Real Estate Mantras

December 5th, 2009 by Potato

In looking for descriptions of what happened in Japan’s economy, and what lead to the sustained low interest rates there, and why the same things don’t apply to Canada, I relied fairly heavily on some posts by John Hempton of Bronte Capital.

One thing that really struck me was his post on the difference between the banking crises of Japan and Korea. Critical to the story of the Japanese banks and the low rates was the tradition, the deeply held psychology that families (especially women) should have large, cash savings.

“The reason is the different banking structure. Korea started its Chaebol industrialisation later than Japan – and the one multi-generational part of the formula (educating young women that they should save and save and save) was just not done as well. This is a multi-generational process.”

That idea of indoctrination is interesting, because I suspect I see something similar in Canada and the US, except our young women are being indoctrinated not to save, but to buy real estate. Think about all the irrational opposition you face whenever you talk with people about even the possibility of a housing correction (or, if you’re one of the ones who just can’t believe me on that point, think about how viscerally you oppose me!). The same sayings/rules of thumb will get thrown out, and when you hear them enough you realize they’re not just rules of thumb, but mantras. “Safe as houses”, “they’re not making any more land”, “why pay someone else’s mortgage”, “renting is throwing your money away”, “you need to own a house to be secure/raise a family”, “it’s different here, real estate is local”, “investments you can touch/live in”. For most of the time (e.g., 1991 – 2004) they’re perfectly valid, but rules of thumb are just that — quick guidelines that aren’t true in all situations.

So armed with these mantras and innovative financing (0%/5% down, long amortizations, plus the gamut of sub-prime dreck dreamed up in the states), our society appeared to be indoctrinating people, young women especially, into puffing up the real estate market. Indeed, all considerations of bubble-like valuations aside, you know things have gotten ridiculous when single 20-somethings are buying places on their own (often sized for just one person). What happens when they find someone that they want to live with, or want to start a family? Ah, but that was just their way of getting “on the property ladder”. My sister, who can’t even buy a bicycle on her own, wanted to buy a place while she’s at school in Kingston to “get on the property ladder” (thankfully, not even the bank of Dad would lend her money to tilt at that windmill). Worried about how high the costs are getting? Don’t be: “buy now, or be priced out forever”. Not so very long ago it would have been very strange for a young person to buy a house/condo on their own — it was almost an admission of spinsterhood, locking yourself into the single condo lifestyle like that. An additional rule of thumb, that you should want to live in a place for 7+ years to make buying worthwhile, seems to have been lost along the way.

Now though there’s a cult of homeownership. Even after explaining the math to them* many people still give me that look when I say I’m looking for a rental when I move back to Toronto. It took months of repeating the explanations to Wayfare before she finally started to agree with me, and even then I can see it’s a tenuous hold, as the irrational hormonal part of her still wants to build and feather a nest of her very own. I was talking to a friend about the preliminary parts of the search for a rental in Toronto. With some places over $2000 per month, it seemed unfathomably expensive to him (to me as well — that much would pay for a very nice detached home in London, inclusive of utilities). “So why aren’t you just buying then?” he asked. Ah, that was easy: if you remember the very simple (though long-winded*) post earlier about the rent vs. buy decision, $2400 per month costs about as much as a $375k house in the medium term, and the places we were looking at were not selling for anywhere close to $375k. The landlords would basically be subsidizing us by taking on the risk of owning a $500-600k house while we lived there.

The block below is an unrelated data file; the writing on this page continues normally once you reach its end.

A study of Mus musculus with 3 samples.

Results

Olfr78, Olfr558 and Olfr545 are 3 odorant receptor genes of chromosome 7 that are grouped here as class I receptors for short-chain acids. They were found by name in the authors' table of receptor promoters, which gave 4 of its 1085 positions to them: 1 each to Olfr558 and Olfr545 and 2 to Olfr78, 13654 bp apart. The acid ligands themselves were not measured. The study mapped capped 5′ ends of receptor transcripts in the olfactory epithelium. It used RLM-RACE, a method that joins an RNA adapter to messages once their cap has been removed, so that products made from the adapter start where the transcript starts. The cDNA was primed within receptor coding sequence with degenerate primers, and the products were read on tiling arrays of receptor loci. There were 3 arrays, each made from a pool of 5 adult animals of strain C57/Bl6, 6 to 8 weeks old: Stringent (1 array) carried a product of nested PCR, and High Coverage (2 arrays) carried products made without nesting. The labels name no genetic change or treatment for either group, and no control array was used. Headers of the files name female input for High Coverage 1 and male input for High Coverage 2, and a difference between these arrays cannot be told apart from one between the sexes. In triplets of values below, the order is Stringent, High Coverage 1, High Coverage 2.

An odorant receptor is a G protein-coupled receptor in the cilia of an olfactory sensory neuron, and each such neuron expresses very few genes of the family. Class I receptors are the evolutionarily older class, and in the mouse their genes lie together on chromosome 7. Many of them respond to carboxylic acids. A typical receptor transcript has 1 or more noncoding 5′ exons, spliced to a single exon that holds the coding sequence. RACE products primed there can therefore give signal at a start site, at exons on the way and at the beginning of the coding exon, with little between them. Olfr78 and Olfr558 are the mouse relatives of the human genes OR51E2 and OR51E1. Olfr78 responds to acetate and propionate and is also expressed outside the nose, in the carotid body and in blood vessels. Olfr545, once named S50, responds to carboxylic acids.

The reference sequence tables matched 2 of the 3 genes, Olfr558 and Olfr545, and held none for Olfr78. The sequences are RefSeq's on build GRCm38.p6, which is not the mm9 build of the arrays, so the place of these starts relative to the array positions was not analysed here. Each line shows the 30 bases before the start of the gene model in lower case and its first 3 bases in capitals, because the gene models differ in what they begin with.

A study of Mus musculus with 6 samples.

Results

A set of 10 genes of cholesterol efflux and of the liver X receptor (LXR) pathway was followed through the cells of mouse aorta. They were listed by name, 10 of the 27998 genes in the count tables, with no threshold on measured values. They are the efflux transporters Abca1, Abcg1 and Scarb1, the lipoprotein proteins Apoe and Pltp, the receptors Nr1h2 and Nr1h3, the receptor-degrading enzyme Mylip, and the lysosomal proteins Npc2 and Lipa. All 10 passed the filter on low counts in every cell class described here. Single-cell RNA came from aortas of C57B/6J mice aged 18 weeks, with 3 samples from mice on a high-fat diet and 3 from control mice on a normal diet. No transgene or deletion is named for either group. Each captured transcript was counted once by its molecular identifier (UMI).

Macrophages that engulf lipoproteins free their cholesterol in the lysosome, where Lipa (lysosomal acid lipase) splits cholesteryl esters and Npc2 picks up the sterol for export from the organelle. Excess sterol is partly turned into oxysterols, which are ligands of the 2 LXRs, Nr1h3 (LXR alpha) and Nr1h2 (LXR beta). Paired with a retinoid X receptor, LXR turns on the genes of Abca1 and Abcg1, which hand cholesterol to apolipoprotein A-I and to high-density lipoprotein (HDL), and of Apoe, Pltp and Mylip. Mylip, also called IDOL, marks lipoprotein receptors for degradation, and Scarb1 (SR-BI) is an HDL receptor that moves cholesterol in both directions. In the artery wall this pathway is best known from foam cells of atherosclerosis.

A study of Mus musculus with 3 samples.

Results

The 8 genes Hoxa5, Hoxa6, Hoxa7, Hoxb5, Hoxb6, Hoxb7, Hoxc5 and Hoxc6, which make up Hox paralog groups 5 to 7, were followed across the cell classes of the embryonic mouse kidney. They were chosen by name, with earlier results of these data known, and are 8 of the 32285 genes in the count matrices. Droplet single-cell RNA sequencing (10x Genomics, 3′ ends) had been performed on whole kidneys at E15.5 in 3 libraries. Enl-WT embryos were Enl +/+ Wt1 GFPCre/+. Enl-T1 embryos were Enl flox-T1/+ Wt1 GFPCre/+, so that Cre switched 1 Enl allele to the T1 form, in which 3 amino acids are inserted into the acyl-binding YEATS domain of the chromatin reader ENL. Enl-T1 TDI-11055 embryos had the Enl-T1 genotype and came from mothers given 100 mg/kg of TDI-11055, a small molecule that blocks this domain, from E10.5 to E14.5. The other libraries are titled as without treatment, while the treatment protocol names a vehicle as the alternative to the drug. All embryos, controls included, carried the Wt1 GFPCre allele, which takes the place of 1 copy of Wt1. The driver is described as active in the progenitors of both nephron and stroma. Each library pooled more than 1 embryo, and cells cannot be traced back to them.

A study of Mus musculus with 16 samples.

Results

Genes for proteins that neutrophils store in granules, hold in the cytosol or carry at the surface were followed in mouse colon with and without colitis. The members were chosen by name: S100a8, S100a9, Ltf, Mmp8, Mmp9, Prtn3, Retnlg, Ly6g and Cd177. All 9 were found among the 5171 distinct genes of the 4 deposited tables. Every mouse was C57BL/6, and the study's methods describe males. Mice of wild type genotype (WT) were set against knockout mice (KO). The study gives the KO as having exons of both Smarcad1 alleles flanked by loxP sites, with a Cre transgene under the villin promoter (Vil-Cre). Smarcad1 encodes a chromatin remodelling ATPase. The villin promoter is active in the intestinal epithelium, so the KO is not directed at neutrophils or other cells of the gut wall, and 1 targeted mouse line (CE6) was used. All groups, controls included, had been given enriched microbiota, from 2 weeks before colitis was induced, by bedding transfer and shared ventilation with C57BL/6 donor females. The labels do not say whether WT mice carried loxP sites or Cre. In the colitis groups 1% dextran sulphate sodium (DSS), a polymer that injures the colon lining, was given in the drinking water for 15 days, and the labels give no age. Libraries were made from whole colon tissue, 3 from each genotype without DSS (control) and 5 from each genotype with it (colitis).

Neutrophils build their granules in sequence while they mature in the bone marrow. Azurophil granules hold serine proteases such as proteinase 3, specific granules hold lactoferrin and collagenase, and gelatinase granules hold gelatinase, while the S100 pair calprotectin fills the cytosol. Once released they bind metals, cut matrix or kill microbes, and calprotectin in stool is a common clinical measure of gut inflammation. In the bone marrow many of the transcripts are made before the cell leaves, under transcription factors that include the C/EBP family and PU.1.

“Ah,” he says “well there are a lot of nice places along the Danforth for around $400k.” Of course, those places tend to rent for under $2k, so again, renting makes more sense.

“And that area is going up.” he says.

Ah. I see.

That area is going up.

Now, I don’t want to poke too much fun at my good friend, but here’s the thing when people tell me “that area’s going up/gentrifying/turning around”: if that was certain, it would already be up.

Ok, clearly I don’t believe 100% in efficient markets, but nonetheless, I don’t think my friend has a special knowledge of that area that all the other buyers, real estate agents, and investors lack. Given that the rental yields are really not any better than the rest of Toronto, it looks like some measure of gentrification is already priced into the area — and it’s not like the already packed 14′ wide houses can be torn down with more density built in their place. Plus what part of Toronto haven’t you heard someone say is “going up”? Everywhere is either “an exclusive with great schools that will always be in demand” or “a trendy area that’s finally getting the attention it deserves”.

* – very verbosely I must admit, so there’s always the risk of “TLDR” that the mantras don’t face.